Identity
Identity Provider Versus Authorization Server
October 2nd, 2021

Ongoing technological advancements make it possible for businesses to digitize their operations through the use of applications, websites, and other digital systems. These systems help companies manage digital identities and control user access to critical data within their departments. For these tasks to be performed effectively, however, companies need tools that offer role-based access control and provide system administrators with the ability to regulate access to systems and networks.

Some of the tools systems require to perform access-control tasks include an identity provider and an authorization server. 

For the most reliable CIAM solution, contact Squareball and see how we can help you today. 

Identity Provider Explained

An identity provider (IDP) is a system tool that develops, maintains, and manages identity data for principals and offers authentication services to relying applications within a federation or distributed network. One of the main services offered by an identity provider is user authentication.

Relying party applications are commonly referred to as federated because they consume federated identities. Most relying applications, including web applications, outsource the user authentication step to reliable identity providers. 

An identity provider allows you to use a single sign-on (SSO) to access various sites. A SSO helps improve usability by reducing password fatigue and offers improved security by minimizing the latent attack surface. An identity provider also facilitates connections between cloud computing resources and users to minimize the need for reauthenticate, especially when the users are on mobile and roaming applications. 

Common Types of Identity Providers

There are several types of identity providers available to networks.

IndieAuth Identity Provider

This is an open-standard, distributed authentication protocol that leverages OAuth 2.0. It allows services to verify the identities of users represented by URLs and to provide tokens for accessing resources under the control of the users. With this tool, user identities, websites, and third-party authorization endpoints are linked to the preferred identity provider.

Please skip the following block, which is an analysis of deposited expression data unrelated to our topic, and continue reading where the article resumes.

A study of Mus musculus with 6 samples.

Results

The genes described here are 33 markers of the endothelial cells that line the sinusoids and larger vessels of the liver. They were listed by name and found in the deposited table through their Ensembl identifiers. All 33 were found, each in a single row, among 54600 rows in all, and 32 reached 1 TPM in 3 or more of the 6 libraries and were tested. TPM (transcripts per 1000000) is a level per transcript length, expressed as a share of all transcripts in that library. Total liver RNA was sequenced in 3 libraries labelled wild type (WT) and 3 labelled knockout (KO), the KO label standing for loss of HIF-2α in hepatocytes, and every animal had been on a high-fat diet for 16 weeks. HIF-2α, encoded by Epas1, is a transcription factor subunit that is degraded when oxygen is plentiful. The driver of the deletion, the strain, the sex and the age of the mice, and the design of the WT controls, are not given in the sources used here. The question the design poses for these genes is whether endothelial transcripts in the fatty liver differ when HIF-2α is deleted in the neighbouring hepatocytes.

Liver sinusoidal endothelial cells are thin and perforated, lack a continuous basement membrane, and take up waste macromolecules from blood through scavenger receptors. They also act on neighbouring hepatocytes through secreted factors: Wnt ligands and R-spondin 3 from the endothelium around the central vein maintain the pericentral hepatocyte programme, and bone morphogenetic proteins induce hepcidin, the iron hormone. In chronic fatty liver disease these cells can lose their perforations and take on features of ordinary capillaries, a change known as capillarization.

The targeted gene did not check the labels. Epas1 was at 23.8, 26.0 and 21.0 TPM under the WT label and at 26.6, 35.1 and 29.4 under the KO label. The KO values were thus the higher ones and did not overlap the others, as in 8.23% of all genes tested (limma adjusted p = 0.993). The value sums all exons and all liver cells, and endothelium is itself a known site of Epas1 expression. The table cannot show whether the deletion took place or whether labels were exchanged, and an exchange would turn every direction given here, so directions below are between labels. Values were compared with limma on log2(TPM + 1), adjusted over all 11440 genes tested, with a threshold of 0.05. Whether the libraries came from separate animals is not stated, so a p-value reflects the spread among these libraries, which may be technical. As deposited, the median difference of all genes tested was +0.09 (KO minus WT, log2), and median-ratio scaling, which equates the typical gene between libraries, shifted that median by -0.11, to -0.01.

OpenID Provider

In domain models with OpenID Connect (OIDC), the identity provider is an extraordinary OAuth 2.0 authorization server. An OIDC is the identity layer that resides on OAuth and offers JSON-formatted identity indications to OIDC-relying parties through a RESTful HTTP Application Programming Interface (API). In other words, an OpenID provider is a Security Assertion Markup Language (SAML) identity provider, or a set of profiles used for exchanging authentication and authorization data across security domains.

Authorization Server Explained

An authorization server is an engine used to issue OpenID Connect or OAuth 2.0 tokens and to apply access policies. Every authorization server has a distinct issuer Uniform Resource Identifier (URI) and a specific signing key for tokens to maintain the appropriate boundary between security domains.

An authorization server performs many functions, including SSO with Okta for different OpenID Connect applications. It also helps to secure APIs and offers user authorization to web services. OpenID Connect helps confirm users with a web application by using the ID token returned from the authorization server to determine if the user is genuine and to acquire profile information (e.g. username or location).

There are two main types of Okta authorization servers: the Org Authorization Server and the Custom Authorization Server. Okta Org has built-in authorization but can’t be customized in terms of audience, claims, policies, and scopes.

Comparing the Two

In summary, an identity provider is the software component that authenticates and issues a token representing a user or other entity, while an authorization server is the server software component that validates and provides tokens that represent a user or other entity.

For further reading, check out our other articles like What Is the Difference Between LDAP and Active Directory? and What Is a Privileged User Account.